The past, the present and the future

If time is about events, then we must consider that an instant in time is a snapshot of everything (the universe) in a specific (non-changing) state. An instant in time can’t have any change occuring in it (else it isn’t an instant in time). Every object (composite or quantum) is unchanging. That is an instant in time. It has no intrinsic value, it is just a gap between all events.

It is important to re-affirm that it is not that time stands still (time doesn’t do anything) which causes events to cease. It is that events cease (albeit momentarily) and hence we have an instant in time. The distinction may seem unnecessary, but is actually pivotal.

So we might have a hypothetical instant when nothing in the whole universe is changing, and then something changes (we have an event). It might only be one quantum particle in the whole universe that changes. But as soon as it has changed, the universal instant has gone and a new instant has arrived. Time has passed, we might say.

And as already noted, this probably doesn’t ever occur – there are just too may unsynchronised events occurring for there ever to be a moment of universal stillness!

This change from one configuration of the universe to another (although not in discrete frames) does lead to an obvious explanation of the past and the future. The past is a previous configuration of the universe – all quantum particles; the present a current configuration of all quantum particles, and the future a configuration of all quantum particles that will occur.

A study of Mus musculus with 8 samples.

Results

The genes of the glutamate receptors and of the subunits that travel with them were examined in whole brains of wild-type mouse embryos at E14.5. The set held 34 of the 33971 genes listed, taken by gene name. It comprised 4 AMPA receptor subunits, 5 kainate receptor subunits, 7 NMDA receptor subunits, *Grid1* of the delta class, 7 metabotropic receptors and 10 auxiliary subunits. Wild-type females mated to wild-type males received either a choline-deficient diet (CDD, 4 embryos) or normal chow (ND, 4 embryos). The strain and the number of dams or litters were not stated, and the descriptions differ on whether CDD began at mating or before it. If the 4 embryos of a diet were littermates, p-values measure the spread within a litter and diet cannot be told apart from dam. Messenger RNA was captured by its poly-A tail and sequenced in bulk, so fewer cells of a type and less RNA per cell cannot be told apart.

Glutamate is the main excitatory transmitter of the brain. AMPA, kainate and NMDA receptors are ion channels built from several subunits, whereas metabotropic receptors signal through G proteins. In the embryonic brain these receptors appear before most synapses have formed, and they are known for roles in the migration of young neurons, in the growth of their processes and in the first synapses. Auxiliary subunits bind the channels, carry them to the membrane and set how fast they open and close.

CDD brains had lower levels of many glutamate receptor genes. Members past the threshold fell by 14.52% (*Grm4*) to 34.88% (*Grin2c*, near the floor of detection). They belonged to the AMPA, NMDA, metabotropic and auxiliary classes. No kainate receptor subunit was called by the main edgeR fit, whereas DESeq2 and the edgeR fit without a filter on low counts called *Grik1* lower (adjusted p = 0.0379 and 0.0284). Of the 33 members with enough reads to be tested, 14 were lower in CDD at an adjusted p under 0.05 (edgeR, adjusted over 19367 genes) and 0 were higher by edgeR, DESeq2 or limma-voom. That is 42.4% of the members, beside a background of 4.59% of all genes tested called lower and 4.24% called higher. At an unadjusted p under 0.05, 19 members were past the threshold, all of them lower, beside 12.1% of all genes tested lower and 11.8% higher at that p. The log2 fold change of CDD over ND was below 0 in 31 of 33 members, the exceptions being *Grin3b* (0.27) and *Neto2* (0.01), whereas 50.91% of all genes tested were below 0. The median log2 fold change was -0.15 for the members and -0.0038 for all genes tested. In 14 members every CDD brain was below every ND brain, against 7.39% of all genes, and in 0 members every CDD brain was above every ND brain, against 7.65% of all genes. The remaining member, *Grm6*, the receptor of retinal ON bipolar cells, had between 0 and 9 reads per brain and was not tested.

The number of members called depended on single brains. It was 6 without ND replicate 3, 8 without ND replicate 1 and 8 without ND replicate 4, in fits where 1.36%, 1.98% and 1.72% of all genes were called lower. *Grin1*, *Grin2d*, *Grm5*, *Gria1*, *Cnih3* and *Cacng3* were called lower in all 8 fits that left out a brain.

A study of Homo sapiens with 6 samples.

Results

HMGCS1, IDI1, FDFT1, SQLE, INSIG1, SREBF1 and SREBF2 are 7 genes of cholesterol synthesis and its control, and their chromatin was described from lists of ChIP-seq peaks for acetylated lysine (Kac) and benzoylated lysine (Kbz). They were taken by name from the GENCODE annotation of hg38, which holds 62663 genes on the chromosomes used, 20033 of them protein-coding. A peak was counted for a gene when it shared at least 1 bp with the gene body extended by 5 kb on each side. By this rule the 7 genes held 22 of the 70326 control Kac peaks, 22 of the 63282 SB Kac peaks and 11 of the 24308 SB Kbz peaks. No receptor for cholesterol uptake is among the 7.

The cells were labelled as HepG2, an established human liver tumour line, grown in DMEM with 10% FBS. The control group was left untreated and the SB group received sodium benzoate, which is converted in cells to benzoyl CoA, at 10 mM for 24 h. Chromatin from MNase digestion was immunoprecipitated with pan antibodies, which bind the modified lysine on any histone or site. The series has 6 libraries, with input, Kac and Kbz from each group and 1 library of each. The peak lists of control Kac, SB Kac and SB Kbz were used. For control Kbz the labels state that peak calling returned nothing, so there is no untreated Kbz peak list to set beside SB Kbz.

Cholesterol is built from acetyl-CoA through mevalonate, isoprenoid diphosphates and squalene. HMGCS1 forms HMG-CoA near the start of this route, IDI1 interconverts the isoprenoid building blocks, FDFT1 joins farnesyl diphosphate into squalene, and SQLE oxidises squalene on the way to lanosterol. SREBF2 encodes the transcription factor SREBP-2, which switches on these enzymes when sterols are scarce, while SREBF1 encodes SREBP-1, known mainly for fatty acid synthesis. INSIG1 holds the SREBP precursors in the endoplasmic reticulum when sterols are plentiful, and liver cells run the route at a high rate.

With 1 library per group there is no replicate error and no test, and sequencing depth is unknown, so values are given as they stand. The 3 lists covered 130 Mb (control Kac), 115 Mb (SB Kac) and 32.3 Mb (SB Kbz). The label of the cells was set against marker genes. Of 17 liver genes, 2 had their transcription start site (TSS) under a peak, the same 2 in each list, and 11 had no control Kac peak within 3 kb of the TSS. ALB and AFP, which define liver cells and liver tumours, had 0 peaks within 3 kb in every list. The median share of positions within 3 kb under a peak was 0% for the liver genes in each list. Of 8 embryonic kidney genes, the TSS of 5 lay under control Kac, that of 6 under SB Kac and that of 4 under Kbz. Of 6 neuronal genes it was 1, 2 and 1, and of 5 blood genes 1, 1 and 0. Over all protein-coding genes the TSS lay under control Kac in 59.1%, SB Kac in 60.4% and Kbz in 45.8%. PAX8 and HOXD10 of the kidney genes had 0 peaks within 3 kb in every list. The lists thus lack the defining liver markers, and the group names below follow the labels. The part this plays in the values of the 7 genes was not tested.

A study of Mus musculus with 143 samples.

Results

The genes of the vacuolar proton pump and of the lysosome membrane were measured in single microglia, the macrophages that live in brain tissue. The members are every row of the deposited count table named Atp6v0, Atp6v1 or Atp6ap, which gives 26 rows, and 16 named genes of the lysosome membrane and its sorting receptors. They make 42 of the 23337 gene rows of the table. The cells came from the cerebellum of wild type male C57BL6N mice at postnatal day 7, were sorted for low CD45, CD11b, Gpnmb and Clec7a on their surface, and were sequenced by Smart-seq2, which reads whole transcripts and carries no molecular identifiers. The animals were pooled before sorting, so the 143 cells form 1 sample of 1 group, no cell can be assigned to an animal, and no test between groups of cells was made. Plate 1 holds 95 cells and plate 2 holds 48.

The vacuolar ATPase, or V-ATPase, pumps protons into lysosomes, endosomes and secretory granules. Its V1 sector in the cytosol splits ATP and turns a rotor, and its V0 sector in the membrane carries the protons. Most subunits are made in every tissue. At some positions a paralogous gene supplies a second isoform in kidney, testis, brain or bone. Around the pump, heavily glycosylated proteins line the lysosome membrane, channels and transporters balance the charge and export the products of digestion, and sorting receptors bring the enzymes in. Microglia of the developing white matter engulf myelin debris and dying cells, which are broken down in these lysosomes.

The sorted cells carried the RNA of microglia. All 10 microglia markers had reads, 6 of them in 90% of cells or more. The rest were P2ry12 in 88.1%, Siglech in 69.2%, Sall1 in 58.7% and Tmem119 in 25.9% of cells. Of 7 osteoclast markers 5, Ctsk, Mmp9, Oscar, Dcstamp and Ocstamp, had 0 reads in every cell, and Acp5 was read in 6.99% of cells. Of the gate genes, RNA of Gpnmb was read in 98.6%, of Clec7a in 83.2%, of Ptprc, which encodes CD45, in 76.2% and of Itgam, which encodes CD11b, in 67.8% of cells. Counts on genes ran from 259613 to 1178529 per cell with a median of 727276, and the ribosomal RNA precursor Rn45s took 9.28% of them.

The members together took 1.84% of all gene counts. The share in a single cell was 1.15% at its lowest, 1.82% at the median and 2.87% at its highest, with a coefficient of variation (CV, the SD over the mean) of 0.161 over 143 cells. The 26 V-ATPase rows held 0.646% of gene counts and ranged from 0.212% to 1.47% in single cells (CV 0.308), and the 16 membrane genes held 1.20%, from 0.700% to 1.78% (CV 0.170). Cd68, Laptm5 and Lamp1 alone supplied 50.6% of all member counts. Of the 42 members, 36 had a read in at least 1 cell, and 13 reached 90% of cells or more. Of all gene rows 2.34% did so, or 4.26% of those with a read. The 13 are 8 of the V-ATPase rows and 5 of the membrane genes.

[We ought to say the past could also be called a configuration of all quantum particles that might have existed, and the future could also be called a configuration of quantum particles that might exist – but that’s just highlighting the issue of the certainty or not of your knowledge of the configuration and the event-series that links one to configuration to another.]

Let’s put Time Travel to bed, once and for all (sorry Doctor Who).

To travel in time would need you to recall and re-create an entire past configuration of the universe, or forecast and create an entire future configuration of the universe.

If you only partially re-create the configuration, then its not the same ‘moment in time’.

Apart from the obvious practical issues of re-creating an entire configuration of every quantum particle in the universe, the mere fact that you are there to witness this (i.e. you are time travelling) renders any attempt as futile (your very presence contaminates the configuration, hence it isn’t a pure re-creation, hence it is invalid).

Not to mention that both memory and forecasting (which are what essentially differentiate the past from the future) are both imbued with serious amounts of inaccuracy.

The beginning and the end of time

 The conundrum about when did time begin goes away too using our definitions of time. If time is merely a register or a collective for events, then time “begins” at the first event (the Big Bang maybe, who knows) and ends at the last event (a small whimper perhaps). There is no conundrum about “what happened before the universe began”. Time is irrelevant UNTIL an event happens. If there are no events, there is no time, it serves no purpose.